Recipe Source: Kochilas, Diane. The Greek Vegetarian. St. Martin's Griffin, New York,1996 p. 31
I know that I've mentioned this party before, but what the heck, I'll mention it again. The party really kind of exemplifies why I think social media is ultimately a good thing instead of symbolic of the downfall of Western civilization, despite being distinctly over thirty. I was online one night, and I was doing research. My research caused me to come across something completely random and really kind of esoteric, and i found myself glued to this piece of information for hours and hours. I couldn't tear myself away. I told my husband to order pizza. I ignored the game. I just wanted to keep reading. So what did I do? I posted to Facebook, laughing at myself about it of course. Six of my friends immediately popped back up saying, "Actually that sounds great, can you give me the URL?" (Some of these were folks I haven't seen since my undergraduate days - another benefit of Facebook, really.)
Then another friend posted, "That does sound interesting, it's kind of how I feel about plague." Now, I've been fascinated by infectious disease and how it affects history for a very long time, but it's something that I've always been told is Not Acceptable Conversation in polite society. I was raised to keep this sort of thing very strictly to myself. But when E. made that post, I knew that I wasn't alone. And then another person posted, and then another. And then another. And I thought, "Why don't we have a plague party?" It wouldn't be a big deal - just an opportunity for like-minded individuals to get together and discuss ideas, exchange books from our collections, that sort of thing.
It wasn't supposed to be a dinner party. (It was, but that's beside the point.) Since there was going to be a party, though, there needed to be food. The thing is most of the guests who were planning to show up have dietary restrictions of some sort, and often the dietary restriction was related to grains or gluten. Two of the guests were doing the "paleo" thing, which I haven't read a lot about but apparently involves complete abandonment of cereal grains. It wouldn't be the right health decision for me or for my family but it's helped both of them with some of their health issues so I want to be supportive. Others have gluten issues. I decided that a crudite platter would probably be fine, with a selection of dips. I'll admit I used store-bought guacamole, much to my shame. I was running out of time. I did make this whipped feta dip, though, and it seems to have gone over nicely.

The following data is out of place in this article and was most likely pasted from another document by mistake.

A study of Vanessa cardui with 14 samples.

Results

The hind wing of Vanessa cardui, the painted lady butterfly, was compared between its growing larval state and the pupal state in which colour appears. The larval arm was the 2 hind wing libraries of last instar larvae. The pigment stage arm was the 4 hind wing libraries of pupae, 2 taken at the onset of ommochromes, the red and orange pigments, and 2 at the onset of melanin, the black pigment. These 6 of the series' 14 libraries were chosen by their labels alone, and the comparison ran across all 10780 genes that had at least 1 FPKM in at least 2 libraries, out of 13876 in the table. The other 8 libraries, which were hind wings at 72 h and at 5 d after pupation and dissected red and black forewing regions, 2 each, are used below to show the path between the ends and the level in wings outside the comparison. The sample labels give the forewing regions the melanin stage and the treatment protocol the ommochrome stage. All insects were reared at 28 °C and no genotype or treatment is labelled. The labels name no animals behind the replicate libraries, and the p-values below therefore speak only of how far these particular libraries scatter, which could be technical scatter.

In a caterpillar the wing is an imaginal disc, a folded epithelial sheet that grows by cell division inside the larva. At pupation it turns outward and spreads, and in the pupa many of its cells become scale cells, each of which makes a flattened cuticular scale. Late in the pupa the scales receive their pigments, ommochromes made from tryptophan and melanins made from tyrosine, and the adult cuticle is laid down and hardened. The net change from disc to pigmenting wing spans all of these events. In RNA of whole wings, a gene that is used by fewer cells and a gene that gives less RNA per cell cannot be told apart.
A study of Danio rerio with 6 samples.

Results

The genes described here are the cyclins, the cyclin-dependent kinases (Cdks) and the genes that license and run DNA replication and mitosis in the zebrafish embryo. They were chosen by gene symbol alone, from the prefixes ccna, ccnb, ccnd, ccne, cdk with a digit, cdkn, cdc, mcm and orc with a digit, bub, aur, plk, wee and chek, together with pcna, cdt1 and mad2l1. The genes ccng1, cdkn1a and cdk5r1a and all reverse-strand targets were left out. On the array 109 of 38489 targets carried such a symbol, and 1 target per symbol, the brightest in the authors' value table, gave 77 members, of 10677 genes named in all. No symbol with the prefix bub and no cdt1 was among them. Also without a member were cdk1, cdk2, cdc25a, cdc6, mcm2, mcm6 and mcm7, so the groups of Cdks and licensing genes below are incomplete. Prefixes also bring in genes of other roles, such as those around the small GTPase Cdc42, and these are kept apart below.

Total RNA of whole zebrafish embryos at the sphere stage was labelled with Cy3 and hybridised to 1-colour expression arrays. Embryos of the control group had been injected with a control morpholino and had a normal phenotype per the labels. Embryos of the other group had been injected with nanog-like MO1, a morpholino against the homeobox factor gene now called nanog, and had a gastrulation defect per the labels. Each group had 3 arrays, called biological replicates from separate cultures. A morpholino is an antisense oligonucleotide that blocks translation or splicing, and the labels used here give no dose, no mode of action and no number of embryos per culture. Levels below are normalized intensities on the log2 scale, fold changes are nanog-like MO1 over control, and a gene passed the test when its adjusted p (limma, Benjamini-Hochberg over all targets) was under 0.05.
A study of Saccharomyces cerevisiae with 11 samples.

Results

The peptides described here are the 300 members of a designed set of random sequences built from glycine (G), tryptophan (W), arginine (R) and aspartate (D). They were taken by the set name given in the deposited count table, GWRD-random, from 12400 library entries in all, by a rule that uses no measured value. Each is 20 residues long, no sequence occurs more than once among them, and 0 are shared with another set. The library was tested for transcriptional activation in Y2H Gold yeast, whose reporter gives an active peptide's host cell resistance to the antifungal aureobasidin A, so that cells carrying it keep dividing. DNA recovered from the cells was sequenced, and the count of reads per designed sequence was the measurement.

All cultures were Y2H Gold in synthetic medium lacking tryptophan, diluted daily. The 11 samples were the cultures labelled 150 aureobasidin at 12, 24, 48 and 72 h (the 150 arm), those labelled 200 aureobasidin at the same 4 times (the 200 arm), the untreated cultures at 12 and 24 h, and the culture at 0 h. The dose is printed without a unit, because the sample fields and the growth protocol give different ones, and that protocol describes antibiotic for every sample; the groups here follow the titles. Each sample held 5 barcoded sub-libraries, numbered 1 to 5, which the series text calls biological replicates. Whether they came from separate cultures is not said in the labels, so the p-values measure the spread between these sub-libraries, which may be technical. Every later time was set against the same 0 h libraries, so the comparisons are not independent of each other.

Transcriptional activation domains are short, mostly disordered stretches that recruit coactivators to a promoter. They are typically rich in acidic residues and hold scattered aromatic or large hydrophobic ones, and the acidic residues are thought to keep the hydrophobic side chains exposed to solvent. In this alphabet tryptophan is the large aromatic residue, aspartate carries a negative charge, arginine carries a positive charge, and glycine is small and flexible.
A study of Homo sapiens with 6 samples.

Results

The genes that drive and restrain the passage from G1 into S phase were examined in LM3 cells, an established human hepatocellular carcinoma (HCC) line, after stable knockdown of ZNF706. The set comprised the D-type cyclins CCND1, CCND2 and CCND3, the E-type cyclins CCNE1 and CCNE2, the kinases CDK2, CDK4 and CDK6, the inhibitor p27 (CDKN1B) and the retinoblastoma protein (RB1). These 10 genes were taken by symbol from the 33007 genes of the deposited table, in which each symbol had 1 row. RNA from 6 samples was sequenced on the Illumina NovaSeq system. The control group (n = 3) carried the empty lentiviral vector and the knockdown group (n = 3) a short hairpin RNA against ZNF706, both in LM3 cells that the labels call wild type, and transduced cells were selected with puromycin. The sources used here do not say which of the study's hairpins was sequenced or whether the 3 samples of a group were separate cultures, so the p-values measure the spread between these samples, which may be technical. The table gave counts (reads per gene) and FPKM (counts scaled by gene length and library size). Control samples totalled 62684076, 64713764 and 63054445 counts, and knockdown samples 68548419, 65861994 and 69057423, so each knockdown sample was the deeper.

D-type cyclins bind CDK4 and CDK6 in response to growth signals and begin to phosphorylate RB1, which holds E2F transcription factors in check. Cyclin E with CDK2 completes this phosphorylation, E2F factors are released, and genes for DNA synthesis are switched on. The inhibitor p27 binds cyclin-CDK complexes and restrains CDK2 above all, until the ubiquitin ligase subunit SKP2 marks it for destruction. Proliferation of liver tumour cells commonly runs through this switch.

I made a few changes. They are minor changes, because it is a very simple recipe and there isn't much to change. I increased the recipe. I increased the lemon juice, and the olive oil. I changed the spice to sumac because I really like sumac. I also learned that my immersion blender has once again gone to that big appliance cabinet in the sky and needs to be replaced. Sigh.
Whipped Feta Dip (makes enough for a crudite platter for 10 people; approx. $0.63/serving)
1 pound feta, crumbled (the quality of your feta does matter; you don't have to use ultra-expensive stuff here, but cow's milk feta will not taste very good.)
Generous 1/2 cup lemon juice, or more to taste
1/2 to 3/4 cup olive oil
1 - 2 tablespoons sumac or spice of your choice
- An immersion blender and mixing bowl combo would work best here, but as I mentioned I couldn't use those. I used the stand mixer with a whisk attachment and felt very silly for it.
- Combine the first three ingredients in your mixing bowl.
- Whip to a nice whipped texture.
- Transfer some of the finished product to your serving bowl and sprinkle some of the spice over it.
- Refresh as needed during the party.